Build a better awareness of chords and harmony

Ever wondered how chords are working within the music that you are playing, and how the note you have sits in the build up of the chord?

Having an awareness of how chords work and the importance of the note that you are playing and how it relates to the performers around you can have a positive impact on your ensemble playing.

A chord occurs when two or more notes are played simultaneously.  Very often the chord will be made up of three notes, and these three notes are repeated and different octaves.  In its simplest form, a three-note chord can be arranged as a triad.  (Triad is the word used for a three-note chord)  The bottom note of each triad is called the root.  Each triad has the root, the 3rd note above it and the 5th note above it.  For example, if C is the root then 3 notes above would be E, and 5 notes above C would be G.  If D is the root note, then the 3rd above would be F and the 5th note would be A.

An interval is the distance between two notes.  Think of it like you would a ruler and measuring the distance between one object and another.  The smallest distance usually measured in music (within the Western Classical Tradition) is a semitone.  On the keyboard, the distance between one key and the closest key to the left or right is known as a semitone.


Here are the triads based around the C major scale.

Pic 1

If you play the triads in turn you will notice that they sound different.  Chords can either be major, minor, augmented or diminished.  These are made of different patterns of major and minor thirds.  Note that upper case numbers are major and the lower case numbers are minor (apart from chord vii which is a diminished chord)

A major triad is made up of a major 3rd (4 semitones) and a minor 3rd (3 semitones).

Pic 2

A minor triad is made up of a minor 3rd (3 semitones) and a major 3rd (4 semitones)

Pic 3

An augmented chord is made up of a major 3rd (4 semitones) and a major 3rd (4 semitones).  Think of augmented meaning stretched – instead of using a major and minor interval, an augmented chord uses two major intervals.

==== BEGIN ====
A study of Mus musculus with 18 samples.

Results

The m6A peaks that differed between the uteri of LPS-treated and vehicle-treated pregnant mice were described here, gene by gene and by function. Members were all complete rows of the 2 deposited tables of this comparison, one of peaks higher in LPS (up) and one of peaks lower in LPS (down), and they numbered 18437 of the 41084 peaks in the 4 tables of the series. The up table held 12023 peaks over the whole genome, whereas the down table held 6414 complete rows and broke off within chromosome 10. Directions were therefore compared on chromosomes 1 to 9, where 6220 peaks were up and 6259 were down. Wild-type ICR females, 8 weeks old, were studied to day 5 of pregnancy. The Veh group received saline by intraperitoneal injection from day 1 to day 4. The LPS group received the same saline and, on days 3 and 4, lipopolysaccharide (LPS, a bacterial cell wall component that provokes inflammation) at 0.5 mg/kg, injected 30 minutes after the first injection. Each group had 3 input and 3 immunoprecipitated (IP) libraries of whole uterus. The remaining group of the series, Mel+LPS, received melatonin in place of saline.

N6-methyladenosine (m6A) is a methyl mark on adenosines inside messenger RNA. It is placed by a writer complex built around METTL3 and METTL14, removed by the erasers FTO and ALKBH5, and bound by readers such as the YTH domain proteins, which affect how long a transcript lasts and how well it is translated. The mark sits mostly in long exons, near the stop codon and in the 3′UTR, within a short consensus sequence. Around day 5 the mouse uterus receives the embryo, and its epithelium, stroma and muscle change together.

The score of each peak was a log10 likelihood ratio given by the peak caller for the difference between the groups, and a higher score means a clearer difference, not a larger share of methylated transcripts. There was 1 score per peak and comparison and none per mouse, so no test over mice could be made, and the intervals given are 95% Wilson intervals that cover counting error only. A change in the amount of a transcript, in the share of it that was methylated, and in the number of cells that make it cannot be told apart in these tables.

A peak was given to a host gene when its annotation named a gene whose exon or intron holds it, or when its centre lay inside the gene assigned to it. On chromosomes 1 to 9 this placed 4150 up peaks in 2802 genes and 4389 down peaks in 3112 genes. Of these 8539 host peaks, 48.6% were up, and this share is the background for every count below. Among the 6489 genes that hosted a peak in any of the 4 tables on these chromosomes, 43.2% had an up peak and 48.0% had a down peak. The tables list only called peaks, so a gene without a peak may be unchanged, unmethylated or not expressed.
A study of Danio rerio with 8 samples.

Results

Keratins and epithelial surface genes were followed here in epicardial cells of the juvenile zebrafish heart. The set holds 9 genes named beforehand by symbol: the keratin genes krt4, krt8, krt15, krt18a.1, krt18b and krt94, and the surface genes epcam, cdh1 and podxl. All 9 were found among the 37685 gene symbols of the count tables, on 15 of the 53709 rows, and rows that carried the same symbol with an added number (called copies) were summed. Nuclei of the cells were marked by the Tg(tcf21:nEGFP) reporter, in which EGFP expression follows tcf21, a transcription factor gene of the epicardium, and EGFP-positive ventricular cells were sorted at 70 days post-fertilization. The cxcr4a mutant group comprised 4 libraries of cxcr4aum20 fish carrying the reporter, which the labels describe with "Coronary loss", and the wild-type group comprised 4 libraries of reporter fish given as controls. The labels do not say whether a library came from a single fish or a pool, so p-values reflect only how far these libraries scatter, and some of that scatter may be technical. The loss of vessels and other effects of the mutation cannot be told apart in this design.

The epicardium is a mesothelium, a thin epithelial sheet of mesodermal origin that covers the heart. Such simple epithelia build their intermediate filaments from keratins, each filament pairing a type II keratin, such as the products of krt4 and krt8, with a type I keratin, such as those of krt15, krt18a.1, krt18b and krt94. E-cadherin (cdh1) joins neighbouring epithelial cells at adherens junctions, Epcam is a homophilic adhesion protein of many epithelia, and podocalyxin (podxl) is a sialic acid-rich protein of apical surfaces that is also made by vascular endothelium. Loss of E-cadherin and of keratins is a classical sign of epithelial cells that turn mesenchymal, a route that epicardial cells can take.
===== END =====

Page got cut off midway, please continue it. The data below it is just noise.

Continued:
Pic 4

A diminished chord is made up of a minor 3rd (3 semitones) and a minor 3rd (3 semitones). Think of diminished meaning squished – instead of using a major and minor interval, a diminished chord uses two minor intervals.

Pic 5

With all of these chords it is usual to double the root note, sometimes the 5th and the 3rd under very special circumstances.

Sometimes the chords are reorganised so that a different note appears at the bottom of the chord.  These are known as inversions.  When the notes are organised in triad form the root is at the bottom of the chord with the 3rd and 5th above, it is in root position.  If the notes are re-organised so that the 3rd is at the bottom, with the 5th and root above, it is in first inversion.  If the chord is organised so that the 5th is at the bottom, with the root and third above, it is in 2nd inversion.

Pic 6

Above you can see a root position triad in bar 1, a first inversion in bar 2 and a second inversion chord in the last bar.  These three different ways of playing these chords provide a very different sound and create good harmonic interest.

When playing as part of a group, understanding where your note sits in the chord can mean that you can play with far greater awareness of the music.  When playing the third of the chord, for example, it is very important to be aware that intonation is very important as this note defines whether the chord is major or minor.  If you are playing the root, it is important to ensure that the note is clear, in tune and strong enough to provide a foundation for the chord.

So how do you work out what note you have?  This is through a process of playing the chords on a piano or keyboard and listening to how they sound.  Listen carefully to how the chord sounds in root position, 1st inversion and 2nd inversion and you will be able to pick out that they all have a very different sound.  When you have started to become a bit more used to this, and have practiced this in different keys you can then start to transfer this listening skill to the ensembles that you play in.

Through careful listening it is possible to tell where your note is placed in a chord and adjust intonation, balance and begin to develop a sense of real musical understanding.